The federal government is proposing that banks and financial institutions report to them on any transactions that add up to or above $600.
This proposal is part of the Biden administration’s plan to rake in more tax dollars and reduce tax evasion and avoidance, especially among high-income earners.
But some financial institutions and advocacy groups disagree. They say it’s an overreach.
Executive Vice President for Congressional Relations and Strategy at the ICBA Paul Merski said it is an invasion of privacy.
“Most people have during the course of the year $10,000 or more going in and out of their accounts. Even minimum wage workers depositing their pay will have a flow of more than $10,000 coming in and out of their account so this is not going after millionaires or billionaires, this proposal is snooping on every American’s financial transactions,” Merski said.
Right now, financial institutions only report suspicious transactions to combat money laundering and criminal activities.
The proposal as of now will not compel banks to give specific details of transactions, but Merski says the IRS is powerful enough to “subpoena” them if necessary.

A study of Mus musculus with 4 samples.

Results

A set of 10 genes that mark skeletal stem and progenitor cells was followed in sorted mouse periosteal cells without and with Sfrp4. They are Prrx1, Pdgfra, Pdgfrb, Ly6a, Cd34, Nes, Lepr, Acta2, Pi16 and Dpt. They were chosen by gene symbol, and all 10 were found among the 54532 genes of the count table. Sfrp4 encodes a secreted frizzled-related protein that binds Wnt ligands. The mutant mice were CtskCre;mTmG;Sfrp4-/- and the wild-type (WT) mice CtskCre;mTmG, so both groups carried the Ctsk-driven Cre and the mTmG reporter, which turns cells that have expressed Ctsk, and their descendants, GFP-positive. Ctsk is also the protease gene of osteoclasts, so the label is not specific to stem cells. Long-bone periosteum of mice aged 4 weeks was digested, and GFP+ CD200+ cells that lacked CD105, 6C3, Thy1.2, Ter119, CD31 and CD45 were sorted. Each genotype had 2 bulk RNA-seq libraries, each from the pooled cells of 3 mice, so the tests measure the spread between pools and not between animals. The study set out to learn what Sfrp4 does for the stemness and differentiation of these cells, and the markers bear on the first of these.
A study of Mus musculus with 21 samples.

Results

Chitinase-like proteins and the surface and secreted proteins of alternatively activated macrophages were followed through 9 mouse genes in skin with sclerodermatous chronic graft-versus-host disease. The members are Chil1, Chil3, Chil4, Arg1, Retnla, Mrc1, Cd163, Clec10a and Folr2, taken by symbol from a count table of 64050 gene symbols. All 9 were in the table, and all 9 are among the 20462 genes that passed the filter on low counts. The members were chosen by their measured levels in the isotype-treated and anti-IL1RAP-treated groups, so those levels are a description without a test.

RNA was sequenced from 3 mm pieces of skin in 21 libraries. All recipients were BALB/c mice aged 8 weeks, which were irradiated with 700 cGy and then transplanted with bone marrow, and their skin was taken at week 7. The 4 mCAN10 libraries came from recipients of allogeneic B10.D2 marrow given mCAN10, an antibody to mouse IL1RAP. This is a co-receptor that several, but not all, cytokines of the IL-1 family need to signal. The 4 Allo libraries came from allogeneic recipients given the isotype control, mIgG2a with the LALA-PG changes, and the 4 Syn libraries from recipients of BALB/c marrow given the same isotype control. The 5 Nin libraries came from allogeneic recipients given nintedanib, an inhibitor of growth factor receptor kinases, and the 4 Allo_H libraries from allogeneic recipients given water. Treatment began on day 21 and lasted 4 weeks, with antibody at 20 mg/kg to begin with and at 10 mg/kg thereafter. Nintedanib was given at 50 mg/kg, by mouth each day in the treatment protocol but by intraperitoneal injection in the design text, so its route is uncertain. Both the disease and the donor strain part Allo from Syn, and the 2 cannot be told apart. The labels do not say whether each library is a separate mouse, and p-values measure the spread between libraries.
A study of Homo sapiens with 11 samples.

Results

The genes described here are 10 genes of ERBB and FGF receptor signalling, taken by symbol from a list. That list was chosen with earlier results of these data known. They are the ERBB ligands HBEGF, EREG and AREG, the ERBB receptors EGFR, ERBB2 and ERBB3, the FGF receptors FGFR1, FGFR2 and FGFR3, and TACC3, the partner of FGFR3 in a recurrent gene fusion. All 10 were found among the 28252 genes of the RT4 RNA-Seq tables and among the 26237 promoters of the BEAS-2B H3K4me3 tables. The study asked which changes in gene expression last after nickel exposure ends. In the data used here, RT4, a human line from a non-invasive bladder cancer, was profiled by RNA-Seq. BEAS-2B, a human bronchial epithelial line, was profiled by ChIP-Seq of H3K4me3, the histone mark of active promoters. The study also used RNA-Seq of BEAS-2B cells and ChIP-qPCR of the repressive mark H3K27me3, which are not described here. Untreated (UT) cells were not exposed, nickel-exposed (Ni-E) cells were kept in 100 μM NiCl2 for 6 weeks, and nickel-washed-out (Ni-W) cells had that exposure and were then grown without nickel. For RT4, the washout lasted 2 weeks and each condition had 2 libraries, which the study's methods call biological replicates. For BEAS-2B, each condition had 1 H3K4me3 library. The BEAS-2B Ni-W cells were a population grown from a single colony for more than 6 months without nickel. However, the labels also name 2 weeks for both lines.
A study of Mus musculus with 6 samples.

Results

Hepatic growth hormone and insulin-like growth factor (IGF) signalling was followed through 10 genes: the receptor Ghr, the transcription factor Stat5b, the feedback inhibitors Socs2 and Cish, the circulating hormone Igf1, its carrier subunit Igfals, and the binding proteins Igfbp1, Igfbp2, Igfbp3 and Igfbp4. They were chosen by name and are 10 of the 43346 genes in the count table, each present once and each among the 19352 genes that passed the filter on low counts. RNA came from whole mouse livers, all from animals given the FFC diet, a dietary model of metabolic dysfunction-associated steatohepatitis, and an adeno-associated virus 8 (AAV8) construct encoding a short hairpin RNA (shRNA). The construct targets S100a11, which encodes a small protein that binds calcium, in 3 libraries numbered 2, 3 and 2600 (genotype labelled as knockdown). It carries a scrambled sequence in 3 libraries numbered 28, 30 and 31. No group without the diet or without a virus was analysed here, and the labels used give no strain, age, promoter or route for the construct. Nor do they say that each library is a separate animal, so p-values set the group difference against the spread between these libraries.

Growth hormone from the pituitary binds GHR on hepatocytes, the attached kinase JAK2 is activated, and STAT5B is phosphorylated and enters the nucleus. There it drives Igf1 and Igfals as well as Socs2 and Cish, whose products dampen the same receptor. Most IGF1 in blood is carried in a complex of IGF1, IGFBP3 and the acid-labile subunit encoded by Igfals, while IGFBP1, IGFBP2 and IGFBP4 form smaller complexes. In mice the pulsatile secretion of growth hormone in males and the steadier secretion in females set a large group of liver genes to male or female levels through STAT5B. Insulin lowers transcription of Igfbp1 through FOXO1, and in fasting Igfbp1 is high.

“The actual flow of money is sent to the IRS and the IRS can then turn around and subpoena for additional information from your bank account, garnish your bank account or freeze your bank account depending on what they are looking at,” he said.
Some banks in North Dakota have begun reaching out to customers to learn more about the proposal and take action.
President of the North Dakota Bankers Association Rick Clayburgh is discouraging panic withdrawals and is instead encouraging customers to reach out to their senators.
“Most importantly they should contact members of Congress. The last thing they should do is withdraw their money from the bank. At this point, this is not law. We are hoping that it will not become law and if Congress does pass it, right now, it will not begin until 2023 so there’s no reason to panic,” Clayburgh said.
If passed, the federal government says the tax reconciliation measure will rake in millions of dollars in revenue.
Clayburgh described the concepts as “strange” as he questioned how the government the proposal is “going to provide the extra tax dollars that they say they are going to receive out of this plan.”